The Galaxy Note10+ is now in the lay people's hands and some of them might be wondering what's going on inside their phones. A few might even be tempted to wedge their fingernails right under the tightly-sealed back cover of the phone. Well, for the rest of us, there's Zack Nelson of YouTube fame and another JerryRigEverything video to scratch that itch.
To start with, Phillips head screws and plug-and-play components on ribbon cables are the rule when it comes to repairing Note10+. That said, Samsung designs its phones in a way as not to make it easy for repair shops, so there are some big caveats to keep in mind here. For one, when taking off the back panel to access those innards, some tinkerers might need to practice extra care on knifing the adhesive the very tight tapered corners that the glass bonds to.
Secondly, the company has opted to glue down the Note10+'s 4,300mAh battery to the baseboard of the device, making it a risky proposition for technicians trying to fix or replace one of the most important components of a electronic. Nelson notes that a wrong scrunch of a cell layer can explode the package — we've seen that happen before and we're not talking about the Note7 — which can lead to damage and injury. He also pointed out that Apple uses pull tabs in its batteries for iPhones to suit an easy removal.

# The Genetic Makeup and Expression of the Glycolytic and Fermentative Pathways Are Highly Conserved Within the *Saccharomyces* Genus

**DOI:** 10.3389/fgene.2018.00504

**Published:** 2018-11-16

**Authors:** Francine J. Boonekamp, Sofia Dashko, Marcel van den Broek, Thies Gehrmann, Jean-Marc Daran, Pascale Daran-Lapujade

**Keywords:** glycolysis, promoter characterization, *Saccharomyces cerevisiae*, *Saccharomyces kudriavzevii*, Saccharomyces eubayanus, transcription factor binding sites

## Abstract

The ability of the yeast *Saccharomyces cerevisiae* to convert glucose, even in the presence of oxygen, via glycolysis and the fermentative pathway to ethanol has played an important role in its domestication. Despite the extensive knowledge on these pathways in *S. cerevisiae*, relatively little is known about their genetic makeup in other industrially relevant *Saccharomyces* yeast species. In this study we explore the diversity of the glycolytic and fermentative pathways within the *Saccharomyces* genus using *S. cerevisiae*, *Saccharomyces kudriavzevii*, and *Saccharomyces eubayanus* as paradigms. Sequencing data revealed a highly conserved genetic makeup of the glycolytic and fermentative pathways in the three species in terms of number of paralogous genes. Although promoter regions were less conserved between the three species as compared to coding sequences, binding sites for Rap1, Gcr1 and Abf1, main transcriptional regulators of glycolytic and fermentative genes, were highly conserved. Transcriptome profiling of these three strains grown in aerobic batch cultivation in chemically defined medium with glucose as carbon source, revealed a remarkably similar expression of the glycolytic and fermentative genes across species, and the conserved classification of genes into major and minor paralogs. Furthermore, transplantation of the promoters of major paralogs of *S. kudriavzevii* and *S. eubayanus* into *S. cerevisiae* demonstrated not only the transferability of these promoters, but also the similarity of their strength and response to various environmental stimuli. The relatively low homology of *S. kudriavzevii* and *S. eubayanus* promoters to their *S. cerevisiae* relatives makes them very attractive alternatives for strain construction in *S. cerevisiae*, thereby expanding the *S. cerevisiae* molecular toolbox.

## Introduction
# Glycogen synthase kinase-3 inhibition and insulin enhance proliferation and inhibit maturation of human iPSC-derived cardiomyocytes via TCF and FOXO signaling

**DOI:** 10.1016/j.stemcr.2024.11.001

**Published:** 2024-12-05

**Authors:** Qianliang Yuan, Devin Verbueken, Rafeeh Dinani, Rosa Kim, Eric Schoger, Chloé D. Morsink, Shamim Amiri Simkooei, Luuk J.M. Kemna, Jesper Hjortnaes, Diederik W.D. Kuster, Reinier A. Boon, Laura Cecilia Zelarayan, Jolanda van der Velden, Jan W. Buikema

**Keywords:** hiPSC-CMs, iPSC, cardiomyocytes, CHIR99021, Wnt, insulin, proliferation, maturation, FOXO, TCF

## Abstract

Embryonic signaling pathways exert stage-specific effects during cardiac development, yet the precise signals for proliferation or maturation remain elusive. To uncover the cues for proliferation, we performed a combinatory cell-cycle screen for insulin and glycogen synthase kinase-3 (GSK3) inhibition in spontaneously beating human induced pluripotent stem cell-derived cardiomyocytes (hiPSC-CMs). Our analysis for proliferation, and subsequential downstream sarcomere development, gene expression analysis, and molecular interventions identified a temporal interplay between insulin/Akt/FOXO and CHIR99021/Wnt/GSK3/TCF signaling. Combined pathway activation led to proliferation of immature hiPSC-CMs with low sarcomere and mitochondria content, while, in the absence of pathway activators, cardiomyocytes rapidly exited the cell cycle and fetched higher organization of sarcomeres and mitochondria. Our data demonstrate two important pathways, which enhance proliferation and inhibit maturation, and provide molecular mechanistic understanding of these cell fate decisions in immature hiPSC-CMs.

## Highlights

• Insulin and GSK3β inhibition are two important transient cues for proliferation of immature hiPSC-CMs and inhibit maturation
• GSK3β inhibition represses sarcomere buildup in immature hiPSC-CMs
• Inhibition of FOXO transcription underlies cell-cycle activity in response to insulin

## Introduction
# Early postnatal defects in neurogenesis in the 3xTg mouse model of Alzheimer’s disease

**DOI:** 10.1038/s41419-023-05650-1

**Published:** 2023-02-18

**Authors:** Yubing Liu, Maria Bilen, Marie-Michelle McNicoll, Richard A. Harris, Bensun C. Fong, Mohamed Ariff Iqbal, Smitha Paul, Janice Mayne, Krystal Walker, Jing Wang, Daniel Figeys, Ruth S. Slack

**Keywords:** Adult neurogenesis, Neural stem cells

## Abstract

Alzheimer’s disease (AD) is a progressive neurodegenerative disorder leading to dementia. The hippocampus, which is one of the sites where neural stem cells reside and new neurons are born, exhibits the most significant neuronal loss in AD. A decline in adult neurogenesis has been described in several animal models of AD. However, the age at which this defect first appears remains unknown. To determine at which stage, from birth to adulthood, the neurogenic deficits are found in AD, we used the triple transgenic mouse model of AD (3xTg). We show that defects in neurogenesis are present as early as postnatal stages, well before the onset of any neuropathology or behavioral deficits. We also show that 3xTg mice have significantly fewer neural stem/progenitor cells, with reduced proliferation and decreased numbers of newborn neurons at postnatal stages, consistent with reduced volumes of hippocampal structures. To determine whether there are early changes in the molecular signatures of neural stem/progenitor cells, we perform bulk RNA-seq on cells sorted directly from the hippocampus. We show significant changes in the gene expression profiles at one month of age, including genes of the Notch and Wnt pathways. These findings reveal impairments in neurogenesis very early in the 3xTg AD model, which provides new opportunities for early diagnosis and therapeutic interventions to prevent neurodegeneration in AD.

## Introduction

One of the more interesting points is how the S Pen charges — the phone's dedicated silo has a wireless charging coil placed on the spot where the stylus has its own intake coil, thus keeping it powered and ready for Bluetooth commands such as triggering the camera shutter. It's pretty much how two such coils would react between a charging pad and a phone or other compatible device.
And then there's the copper vapor chamber that's meant to cool down the CPU when it's chugging on. Nelson explains that the pouch contains both a liquid (to be vaporized) and a fabric mesh. When one end of the chamber is heated, the liquid evaporates and moves to the other end of the chamber where it condenses back into a liquid. It then soaks into the mesh and crawls back to the other end by its capillarity. This forms a continuous cooling cycle and allows the Note10+ to persist in its tasks.
You can take a look at the rest of Nelson's video for some of other his findings and conclusions like how the embedded speaker slingshots sound from one end of the Note to the other, whether a headphone jack would've been able to fit in the phone, and a lot more.